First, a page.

KUSA — The Danish man who's accused of starting the Spring Fire back in late June is facing 141 felony charges of arson after the fire tore through 107,000 acres and destroyed more than 130 homes, according to a release from 12th Judicial Circuit.
Because a judge in the 12th Judicial Circuit is a potential victim of the fire, the entire 12th Judicial Circuit is recusing itself from presiding over the case, the news release said. The 12th Circuit has requested the Colorado Supreme Court appoint a judge from outside their district to preside over the case.
Jesper Joergensen, 52, was living in the woods east of Fort Garland on June 27 and told investigators he was using a fire pit to cook some meat the night the fire started, according to an arrest affidavit. He told law enforcement he swirled the contents of the pit after smothering the fire and didn't see any smoke.
Joergensen said he believed the fire was out and went to take a nap. He told investigators he did not pour any water on the fire, the affidavit said.
When Joergensen awoke, sage bushes about 20 feet away were on fire, the arrest report said. He reportedly tried to smother that fire with a blanket, but when the blanket caught fire he just tossed it into the flames.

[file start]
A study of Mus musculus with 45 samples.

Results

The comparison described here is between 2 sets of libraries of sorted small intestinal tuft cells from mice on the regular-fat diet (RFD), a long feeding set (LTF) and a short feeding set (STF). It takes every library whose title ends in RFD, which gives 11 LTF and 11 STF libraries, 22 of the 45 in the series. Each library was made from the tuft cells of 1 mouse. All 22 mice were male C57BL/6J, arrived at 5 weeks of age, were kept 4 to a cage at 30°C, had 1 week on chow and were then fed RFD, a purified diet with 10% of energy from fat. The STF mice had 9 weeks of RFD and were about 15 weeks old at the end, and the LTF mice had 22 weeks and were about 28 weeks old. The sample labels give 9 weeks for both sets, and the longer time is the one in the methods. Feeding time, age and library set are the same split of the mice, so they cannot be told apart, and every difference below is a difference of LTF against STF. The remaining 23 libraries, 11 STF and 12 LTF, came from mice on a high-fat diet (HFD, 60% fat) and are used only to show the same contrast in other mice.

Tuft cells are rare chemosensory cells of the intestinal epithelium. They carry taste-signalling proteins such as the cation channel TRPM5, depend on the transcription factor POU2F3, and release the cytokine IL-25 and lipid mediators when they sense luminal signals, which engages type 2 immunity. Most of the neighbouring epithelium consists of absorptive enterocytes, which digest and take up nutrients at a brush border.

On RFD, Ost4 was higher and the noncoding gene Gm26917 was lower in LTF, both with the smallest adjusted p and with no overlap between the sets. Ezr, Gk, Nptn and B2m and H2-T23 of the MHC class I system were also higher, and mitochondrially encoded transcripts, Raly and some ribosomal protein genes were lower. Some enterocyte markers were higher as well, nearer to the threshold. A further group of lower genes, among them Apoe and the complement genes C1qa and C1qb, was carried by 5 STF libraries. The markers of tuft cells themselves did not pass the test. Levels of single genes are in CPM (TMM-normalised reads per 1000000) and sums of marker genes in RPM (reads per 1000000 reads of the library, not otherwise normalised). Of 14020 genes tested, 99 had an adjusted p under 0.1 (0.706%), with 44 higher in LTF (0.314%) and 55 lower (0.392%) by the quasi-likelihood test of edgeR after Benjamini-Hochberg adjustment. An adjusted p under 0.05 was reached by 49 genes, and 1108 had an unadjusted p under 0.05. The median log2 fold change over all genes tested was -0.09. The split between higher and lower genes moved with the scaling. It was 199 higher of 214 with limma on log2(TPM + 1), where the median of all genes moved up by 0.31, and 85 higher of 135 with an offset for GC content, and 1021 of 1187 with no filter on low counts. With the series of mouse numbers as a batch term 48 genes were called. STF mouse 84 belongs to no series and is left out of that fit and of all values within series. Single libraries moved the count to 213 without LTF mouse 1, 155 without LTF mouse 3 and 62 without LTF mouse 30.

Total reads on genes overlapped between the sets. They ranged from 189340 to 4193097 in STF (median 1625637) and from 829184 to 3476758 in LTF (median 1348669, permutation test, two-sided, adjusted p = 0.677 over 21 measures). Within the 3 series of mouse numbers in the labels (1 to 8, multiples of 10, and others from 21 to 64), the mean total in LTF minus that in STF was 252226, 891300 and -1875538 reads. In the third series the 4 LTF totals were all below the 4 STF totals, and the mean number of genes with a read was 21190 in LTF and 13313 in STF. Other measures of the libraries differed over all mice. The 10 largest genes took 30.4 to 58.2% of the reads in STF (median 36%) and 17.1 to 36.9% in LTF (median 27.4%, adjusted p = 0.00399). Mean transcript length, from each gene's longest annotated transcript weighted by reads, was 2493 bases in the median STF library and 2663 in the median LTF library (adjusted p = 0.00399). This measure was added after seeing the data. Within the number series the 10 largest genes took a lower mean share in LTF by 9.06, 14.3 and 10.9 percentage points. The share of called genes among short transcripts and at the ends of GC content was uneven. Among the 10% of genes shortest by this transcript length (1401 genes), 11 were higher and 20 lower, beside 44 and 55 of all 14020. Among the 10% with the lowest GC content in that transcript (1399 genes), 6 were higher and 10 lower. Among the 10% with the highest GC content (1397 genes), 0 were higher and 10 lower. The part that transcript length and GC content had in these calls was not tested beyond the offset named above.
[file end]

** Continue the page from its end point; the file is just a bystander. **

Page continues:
The affidavit says he called deputies from the Costilla County Sheriff's Office to report the fire. When law enforcement arrived, they found him with burn injuries on his right arm, calf and a burn mark on his chest.
When asked if he thought the fire he was using to cook some meat might have started the blaze, the affidavit says his reply was "no."
He told law enforcement he was sure the fire was out and that there was no way he'd caused it, the affidavit says.
Joergensen has overstayed his visa and is wanted by Immigration and Customs Enforcement, who've placed a detainer on him. Basically, that means when he's released from jail, ICE would like to take custody of him.
The Spring Fire, which scorched its way through large swaths of Costilla and Huerfano County is now 83 percent contained. It moved close to the unincorporated community of Cuchara on the south and La Veta to the north - moving closer to but never getting near Fort Garland on the western edge.
Over 1,100 personnel have been assigned to work the fire, including incident commanders and firefighters.